A growing number of Wisconsin school districts are asking to raise taxes to cover salaries, utilities and other basic costs, and voters are approving their requests at record rates.
Some Republican lawmakers believe the referenda have given local residents greater control over spending, but education officials and many Democrats say the system has made schools less equitable at the expense of students in rural areas. They also say the need for repeated referenda has made it hard for schools and families to plan and created anxiety and instability in some communities.
Voters approved 23 of the 35 referenda Wisconsin school districts placed on April 1 ballots to raise money for operating costs. They also approved 15 of 21 proposals to borrow money for construction, technology and other improvements. The approval rates were much higher than in previous elections, according to the Wisconsin Taxpayers Alliance.
The Oakfield School District sought and won its seventh referendum since the state instituted revenue limits in 1994. Under the system, the only way to exceed caps on state aid and property taxes is with a public vote.
When voters in the rural district about an hour northwest of Milwaukee rejected a 2013 proposal, leaders predicted the schools would quickly run through their reserves and close without a successful referenda this year. Instead, residents approved a six-year, $6.6 million referendum in a 911-405 vote.
Superintendent Sue Green said the hope is that by the time the referendum expires, state lawmakers will have done something to help small rural districts like hers.
"We have so many districts that are struggling right now, we should have done something this session," said Rep. Mandy Wright, a Wausau Democrat and former teacher who has served on a task force on rural schools.
Rural districts have been among the most affected by state revenue limits because their transportation costs are often much higher than in urban and suburban districts, which have more compact bus routes. In northern Wisconsin and areas along the Mississippi River, rural districts also can struggle because property values boosted by vacation homes mean the districts receive less state aid, even if full-time residents have low incomes. For many years, these districts were among the most likely to seek referenda.
In recent years, however, better-off school districts have turned to voters, which reflects a nationwide trend, said Dan Domenech, executive director of the School Superintendents Association. The recession forced many states to cut school spending, but in areas where residents were willing and could afford it, district leaders sought referenda.
"The problem is that it does deepen the divide between the haves and the have-nots," Domenech said.
In Wisconsin, the state reduced the revenue limit increase in 2010. Then, Gov. Scott Walker cut revenue limits overall by 5.5 percent in 2012. The less than 1 percent increases approved since then have not made up the difference.
Senate Minority Leader Chris Larson, D-Milwaukee, accused Walker of "starving" public schools to achieve politically popular property tax cuts.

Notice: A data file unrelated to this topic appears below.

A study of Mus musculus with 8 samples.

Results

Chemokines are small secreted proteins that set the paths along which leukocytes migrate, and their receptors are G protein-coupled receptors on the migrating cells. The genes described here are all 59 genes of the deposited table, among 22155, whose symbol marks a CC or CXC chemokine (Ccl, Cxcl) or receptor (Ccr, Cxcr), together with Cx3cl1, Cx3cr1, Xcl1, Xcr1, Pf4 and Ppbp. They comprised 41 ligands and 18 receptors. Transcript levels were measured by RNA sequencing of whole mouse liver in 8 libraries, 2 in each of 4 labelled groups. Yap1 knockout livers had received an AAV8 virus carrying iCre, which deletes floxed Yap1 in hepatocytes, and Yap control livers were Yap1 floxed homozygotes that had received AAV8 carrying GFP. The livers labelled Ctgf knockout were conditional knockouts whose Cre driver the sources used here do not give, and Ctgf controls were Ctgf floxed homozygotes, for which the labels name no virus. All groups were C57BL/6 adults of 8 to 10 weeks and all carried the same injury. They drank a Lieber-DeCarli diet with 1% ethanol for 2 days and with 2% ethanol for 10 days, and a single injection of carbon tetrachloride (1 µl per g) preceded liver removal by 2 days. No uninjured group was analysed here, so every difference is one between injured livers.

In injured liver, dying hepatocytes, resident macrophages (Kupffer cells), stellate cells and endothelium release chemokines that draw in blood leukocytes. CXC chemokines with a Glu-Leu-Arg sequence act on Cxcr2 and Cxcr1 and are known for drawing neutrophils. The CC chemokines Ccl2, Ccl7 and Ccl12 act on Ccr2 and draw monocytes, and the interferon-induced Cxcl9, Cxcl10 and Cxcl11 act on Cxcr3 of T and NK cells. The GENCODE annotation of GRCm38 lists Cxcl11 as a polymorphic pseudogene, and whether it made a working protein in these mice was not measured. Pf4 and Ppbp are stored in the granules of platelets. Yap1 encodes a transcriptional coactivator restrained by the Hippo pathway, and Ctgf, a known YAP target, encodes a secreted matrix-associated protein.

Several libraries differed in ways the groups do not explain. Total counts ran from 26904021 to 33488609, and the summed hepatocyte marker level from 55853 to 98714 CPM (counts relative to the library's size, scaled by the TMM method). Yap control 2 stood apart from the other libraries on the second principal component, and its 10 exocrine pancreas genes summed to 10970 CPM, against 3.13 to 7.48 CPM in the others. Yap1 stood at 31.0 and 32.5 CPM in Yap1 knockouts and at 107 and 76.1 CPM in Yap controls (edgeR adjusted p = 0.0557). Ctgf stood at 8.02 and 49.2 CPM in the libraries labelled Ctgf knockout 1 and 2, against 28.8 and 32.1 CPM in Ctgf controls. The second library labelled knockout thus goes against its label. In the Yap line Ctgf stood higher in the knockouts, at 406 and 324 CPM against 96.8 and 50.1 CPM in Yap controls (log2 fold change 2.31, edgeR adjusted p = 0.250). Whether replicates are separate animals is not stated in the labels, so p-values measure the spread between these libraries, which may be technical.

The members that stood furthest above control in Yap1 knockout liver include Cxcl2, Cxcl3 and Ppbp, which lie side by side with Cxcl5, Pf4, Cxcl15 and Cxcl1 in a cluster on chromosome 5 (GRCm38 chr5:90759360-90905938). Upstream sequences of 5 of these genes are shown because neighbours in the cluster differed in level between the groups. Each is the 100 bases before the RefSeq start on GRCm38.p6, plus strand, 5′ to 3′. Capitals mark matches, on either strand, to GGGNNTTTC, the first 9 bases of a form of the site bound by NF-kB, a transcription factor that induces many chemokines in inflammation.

Larson also said voters aren't saving money overall because referenda are like the fees paid by airline passengers who bought cheap tickets. "If you want the peanuts on the plane, you've got to pay the five bucks," Larson said. "If you want to take a bag, it's going to cost extra."
Walker said his signature legislation limiting most public employees' union rights while requiring them to contribute more to health care and pension costs created savings that more than made up for the cuts.
"With the tremendous property tax relief we've put in place several times now, in the last year, if you're a school district, it makes for a compelling argument to say, 'Yeah, we can get an upgrade or we can make a change and still have a reasonable property tax levy,'" he said.
Rep. Steve Kestell, an Elkhart Lake Republican who chairs the Assembly's education committee, said putting tax increases before voters was "not a bad thing," and schools still receive the largest chunk of the state budget and property taxes.
Many districts have resisted the idea that if they want to add programs, they must find savings elsewhere, Kestell said. But educators say finding savings is tougher for smaller districts because they still have to run buses or provide classes, even if fewer students are in them.
On Washington Island, the eastern Wisconsin school district has combined some grades to cut costs, and high school students receive online instruction in foreign language. But as enrollment declines — from 68 three years ago to 59 this year — the savings aren't enough.
The district sought and received a two-year, $882,000 referenda last year and will need more to keep going, Superintendent Tim Raymond said.
The Stoughton Area School District has struggled similarly with base revenue lower than many of its neighbors, thanks to declining enrollment and high property values that bring less state aid. Voters there approved a four-year, $7 million referendum this month to avoid layoffs, program cuts and bigger classes for the 3,200 students.
"I think it's time to take a hard look at, is this the best way and the most equitable way to fund schools?" Superintendent Tim Onsager said.